New telephone program put on hold
Eudora telephone customers looking for a new local program will have to experience some call waiting.
Any immediate plans to accept an agreement with a new local telephone carrier have been put on hold. Mayor Ron Conner said the city didn't have a set timeframe for deciding whether to accept a franchise agreement with Sunflower Broadband, Sunflower Cable's new telephone operation. He said the city would also see how customers responded to the test market in Lawrence.
Sunflower Broadband wants to offer Eudora telephone users something better than Southwestern Bell, provisioning manager Debra Schmidt said.
City attorney Jerry Cooley said he couldn't remember another telephone company besides Southwestern Bell asking to come in to Eudora. The city doesn't have to choose between local telephone carriers, he said, but it does have to have an agreement with the company.
"That provides for their use of public property and requires them to meet certain standards," Cooley said.
Sunflower would use existing cable lines to send the telephone signal. Although customers would need cable lines running to their home to use the phone service, they don't necessarily have to subscribe to cable television.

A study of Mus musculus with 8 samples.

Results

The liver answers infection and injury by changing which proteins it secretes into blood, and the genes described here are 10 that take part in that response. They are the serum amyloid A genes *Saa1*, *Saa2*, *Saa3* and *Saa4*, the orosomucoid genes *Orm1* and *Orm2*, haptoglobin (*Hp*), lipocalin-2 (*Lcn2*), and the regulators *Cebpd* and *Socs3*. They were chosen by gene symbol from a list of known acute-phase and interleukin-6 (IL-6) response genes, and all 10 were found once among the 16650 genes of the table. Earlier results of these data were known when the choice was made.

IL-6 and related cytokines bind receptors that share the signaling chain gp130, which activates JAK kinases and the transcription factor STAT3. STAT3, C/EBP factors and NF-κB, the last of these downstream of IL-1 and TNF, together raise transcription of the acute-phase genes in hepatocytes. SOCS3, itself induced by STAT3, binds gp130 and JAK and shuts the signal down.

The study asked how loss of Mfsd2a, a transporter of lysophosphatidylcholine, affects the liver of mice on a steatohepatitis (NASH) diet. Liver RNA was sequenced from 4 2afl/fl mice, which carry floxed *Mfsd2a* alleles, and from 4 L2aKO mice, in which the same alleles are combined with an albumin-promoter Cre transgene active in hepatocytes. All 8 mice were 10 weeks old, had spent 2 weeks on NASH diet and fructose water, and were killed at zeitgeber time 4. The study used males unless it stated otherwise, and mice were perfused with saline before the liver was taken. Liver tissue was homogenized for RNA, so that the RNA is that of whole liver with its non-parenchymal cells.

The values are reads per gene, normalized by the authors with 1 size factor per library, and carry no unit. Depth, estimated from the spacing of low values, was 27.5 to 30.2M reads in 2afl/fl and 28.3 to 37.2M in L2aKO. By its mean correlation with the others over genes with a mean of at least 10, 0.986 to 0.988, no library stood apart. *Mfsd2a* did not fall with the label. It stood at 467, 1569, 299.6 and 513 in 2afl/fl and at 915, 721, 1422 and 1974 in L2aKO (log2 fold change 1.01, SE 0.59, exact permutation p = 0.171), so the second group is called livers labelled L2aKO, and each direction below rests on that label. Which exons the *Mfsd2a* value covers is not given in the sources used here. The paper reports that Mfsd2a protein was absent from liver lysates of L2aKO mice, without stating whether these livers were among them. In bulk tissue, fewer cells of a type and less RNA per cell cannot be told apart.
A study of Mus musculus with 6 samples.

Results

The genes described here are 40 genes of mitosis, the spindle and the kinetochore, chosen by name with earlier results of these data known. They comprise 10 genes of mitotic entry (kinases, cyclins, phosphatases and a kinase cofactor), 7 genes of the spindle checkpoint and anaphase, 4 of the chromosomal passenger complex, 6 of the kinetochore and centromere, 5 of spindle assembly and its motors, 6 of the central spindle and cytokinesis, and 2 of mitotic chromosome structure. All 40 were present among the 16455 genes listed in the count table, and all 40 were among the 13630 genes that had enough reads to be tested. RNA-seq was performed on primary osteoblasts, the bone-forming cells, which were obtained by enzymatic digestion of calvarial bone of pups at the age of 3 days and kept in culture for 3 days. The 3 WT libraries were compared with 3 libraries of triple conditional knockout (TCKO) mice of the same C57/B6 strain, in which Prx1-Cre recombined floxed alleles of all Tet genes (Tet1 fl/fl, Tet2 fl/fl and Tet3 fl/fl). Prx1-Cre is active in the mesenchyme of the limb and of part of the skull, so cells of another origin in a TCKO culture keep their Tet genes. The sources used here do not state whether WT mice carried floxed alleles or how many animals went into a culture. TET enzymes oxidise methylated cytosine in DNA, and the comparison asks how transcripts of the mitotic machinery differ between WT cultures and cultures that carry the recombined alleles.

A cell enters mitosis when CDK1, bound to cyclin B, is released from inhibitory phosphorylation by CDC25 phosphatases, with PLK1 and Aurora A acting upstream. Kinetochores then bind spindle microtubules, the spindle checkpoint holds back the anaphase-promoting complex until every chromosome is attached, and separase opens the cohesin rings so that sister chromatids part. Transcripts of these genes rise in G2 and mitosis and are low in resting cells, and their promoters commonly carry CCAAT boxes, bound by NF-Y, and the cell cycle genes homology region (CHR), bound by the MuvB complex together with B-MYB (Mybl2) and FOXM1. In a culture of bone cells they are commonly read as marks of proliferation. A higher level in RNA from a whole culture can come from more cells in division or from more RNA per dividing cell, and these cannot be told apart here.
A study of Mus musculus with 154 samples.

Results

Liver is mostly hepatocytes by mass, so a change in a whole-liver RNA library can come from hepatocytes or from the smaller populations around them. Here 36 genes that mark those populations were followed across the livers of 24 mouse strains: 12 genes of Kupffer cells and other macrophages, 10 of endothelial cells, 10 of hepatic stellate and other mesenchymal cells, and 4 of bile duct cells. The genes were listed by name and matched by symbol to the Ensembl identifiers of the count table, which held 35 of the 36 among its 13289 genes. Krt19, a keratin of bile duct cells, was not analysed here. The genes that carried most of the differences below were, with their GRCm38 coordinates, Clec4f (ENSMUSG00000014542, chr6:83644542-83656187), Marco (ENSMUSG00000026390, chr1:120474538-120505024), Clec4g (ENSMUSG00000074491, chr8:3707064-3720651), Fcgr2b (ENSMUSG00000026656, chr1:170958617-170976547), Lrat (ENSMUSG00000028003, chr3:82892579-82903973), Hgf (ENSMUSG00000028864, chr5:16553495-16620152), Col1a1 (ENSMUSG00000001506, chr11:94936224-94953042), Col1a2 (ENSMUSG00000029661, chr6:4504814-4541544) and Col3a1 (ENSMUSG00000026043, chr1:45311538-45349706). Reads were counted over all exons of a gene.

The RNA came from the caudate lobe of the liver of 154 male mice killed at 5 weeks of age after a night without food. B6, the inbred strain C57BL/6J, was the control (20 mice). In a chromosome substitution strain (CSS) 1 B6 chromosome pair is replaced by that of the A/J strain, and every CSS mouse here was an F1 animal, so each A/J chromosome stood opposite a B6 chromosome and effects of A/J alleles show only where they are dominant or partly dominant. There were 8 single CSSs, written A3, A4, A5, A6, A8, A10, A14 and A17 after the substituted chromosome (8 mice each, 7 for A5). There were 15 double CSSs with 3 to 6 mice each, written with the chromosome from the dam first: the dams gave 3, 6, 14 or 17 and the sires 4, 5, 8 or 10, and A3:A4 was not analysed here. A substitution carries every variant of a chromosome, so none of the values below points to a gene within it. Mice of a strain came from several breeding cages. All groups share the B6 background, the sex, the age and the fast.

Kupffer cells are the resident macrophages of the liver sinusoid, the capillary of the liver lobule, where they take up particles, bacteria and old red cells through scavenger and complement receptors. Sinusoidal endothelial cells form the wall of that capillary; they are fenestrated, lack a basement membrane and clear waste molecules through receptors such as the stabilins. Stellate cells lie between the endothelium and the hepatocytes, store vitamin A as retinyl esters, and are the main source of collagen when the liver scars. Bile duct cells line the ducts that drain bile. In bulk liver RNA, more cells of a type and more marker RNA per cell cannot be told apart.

But doing so could save them a few bucks on the phone bill. Schmidt told the city council that the company hoped to offer discounts to telephone users subscribing to Sunflower's cable television and/or Internet connection.
"Because we have the opportunity to use the lines of Sunflower Cablevision, we can offer them a multiple service of voice, video and data," Schmidt said.
Sunflower is owned by the World Company, which also owns The Eudora News and other area newspapers.
Kansas University associate professor of journalism Max Utsler, who lives outside Eudora, said consumers aren't as skeptical of one company owning cable and telephone because they deal more with distribution of information than with content.
"I don't worry about that as much in the cable business as I do with the local news business," Utsler said.
The Telecommunications Act of 1996 was intended to increase competition in local telephone and cable, in part by bringing each into each other's business, Utsler said, but that hadn't happened.
"I think both thought it sounded like a good idea, and they stuck their toe in the water and decided maybe it wasn't such a good idea," he said. "What's happening in your area is no different than what's happening in other areas."
In a community like Eudora, bringing in competition could be even more difficult, he said.
"If we already have a restaurant, are you better off to open another restaurant or finding another business?" he said.